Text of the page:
The dharmic traditions of India have always valued a tradition of open debate in which everything is questioned and every point of view explored, however contrary. That is why India’s philosophical systems have such a great variety and never excluded any opinion, accepting also an atheist materialistic school of Charvaka as one point of view.
Students trained in debate traditions had to know the point of view of their opponents and be able to articulate it. They had to be capable of arguing their opponent’s point of view as well as their own. They had to show how their opponents views were wrong at the level of knowledge, not simply emotion, and how their own differing views better represented the enduring truth or dharma. This debate tradition was called Tarka and practiced in both Hindu and Buddhist traditions.
Debates examined key questions of who we are, the nature of reality, and important issues of life, not just the transient but also the eternal, and the means of right knowledge to determine these. Ultimately these debates required that we questioned ourselves and the limitations of the human senses and mind overall. Debates were animated, sharp and uncompromising, but never violent or not allowing the opponent to speak or counter the challenge.
Inevitable Difference of Views
Yoga philosophy recognizes that each one of us as an embodied soul, with our particular physical and mental orientation, must have his or her own point of view. This reflects our karma, DNA, the time and place of our birth, our body type, culture, language and education at various levels. The angle from which each one of us sees the world is unique, but others will see the world from their own different perspectives as well. We get accustomed to our angle of perception and fail to realize that it is but one perspective, not final for everyone, much like the clothes we personally wear will not fit everyone else.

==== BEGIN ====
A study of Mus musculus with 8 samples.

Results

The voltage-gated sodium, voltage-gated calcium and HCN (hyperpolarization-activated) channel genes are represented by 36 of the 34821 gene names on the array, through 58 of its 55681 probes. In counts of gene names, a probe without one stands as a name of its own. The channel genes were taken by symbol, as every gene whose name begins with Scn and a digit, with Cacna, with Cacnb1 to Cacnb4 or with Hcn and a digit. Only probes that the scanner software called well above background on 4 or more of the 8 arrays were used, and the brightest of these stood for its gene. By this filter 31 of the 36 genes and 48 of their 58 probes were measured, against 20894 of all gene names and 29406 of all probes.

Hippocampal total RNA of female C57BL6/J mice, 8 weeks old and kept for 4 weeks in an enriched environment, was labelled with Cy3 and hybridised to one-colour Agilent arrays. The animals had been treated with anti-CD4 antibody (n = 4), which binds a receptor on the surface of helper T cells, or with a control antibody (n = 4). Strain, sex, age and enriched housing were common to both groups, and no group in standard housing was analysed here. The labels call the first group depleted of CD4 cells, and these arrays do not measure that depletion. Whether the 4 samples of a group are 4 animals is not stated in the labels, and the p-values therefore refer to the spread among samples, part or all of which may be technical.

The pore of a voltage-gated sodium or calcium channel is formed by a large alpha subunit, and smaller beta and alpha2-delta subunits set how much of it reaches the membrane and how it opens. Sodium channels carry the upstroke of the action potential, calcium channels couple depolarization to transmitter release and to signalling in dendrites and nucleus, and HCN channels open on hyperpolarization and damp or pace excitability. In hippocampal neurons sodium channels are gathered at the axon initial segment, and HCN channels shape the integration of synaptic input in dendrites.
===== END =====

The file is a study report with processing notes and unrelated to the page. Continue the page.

Today our society is becoming intolerant of open debate. There is an attempt to suppress those whose points of view disagree with ours, rather than to examine rationally and perceptually what views are actually correct and to what degree. Instead of a respectful debate we have a vicious name calling and efforts to discredit a person as a whole for statements or actions that may not be politically or culturally correct in our eyes. This smothers debate in personal innuendos.
Academia and media seems more concerned with eradicating points of view they don’t agree with, rather than allowing a fair discussion from both sides of the question. Notably they fail to honor a dharmic point of view, which provides a different angle of examination outside the entrenched dichotomies of the western political spectrum. Neither right nor left in western thought may be deemed as truth according dharmic traditions. There is a wider and deeper truth beyond these dichotomies of the modern mind.
Deeper Levels of Questioning
Ultimately we must question ourselves, our culture, our language, our minds and human reality overall, not just social, political or intellectual issues at a mundane level.
Yoga and Vedanta recognize that the bodies and minds of all creatures are different and cannot be reduced to a uniform code, creed or rule of conduct. That fact should be respected. Yet our inner consciousness beyond body and mind is One. Only when we go beyond the mind can we come to true unity, but that is not a uniformity of opinion, which is a mental limitation, but a realization of oneness beyond all names forms and numbers, embracing the entire universe animate and inanimate, discovering the higher Self or Atman behind all.
Let us be capable of an open yet friendly debate that questions everything, not just politics, science or religion, but the nature of our own human reality and what may transcend it.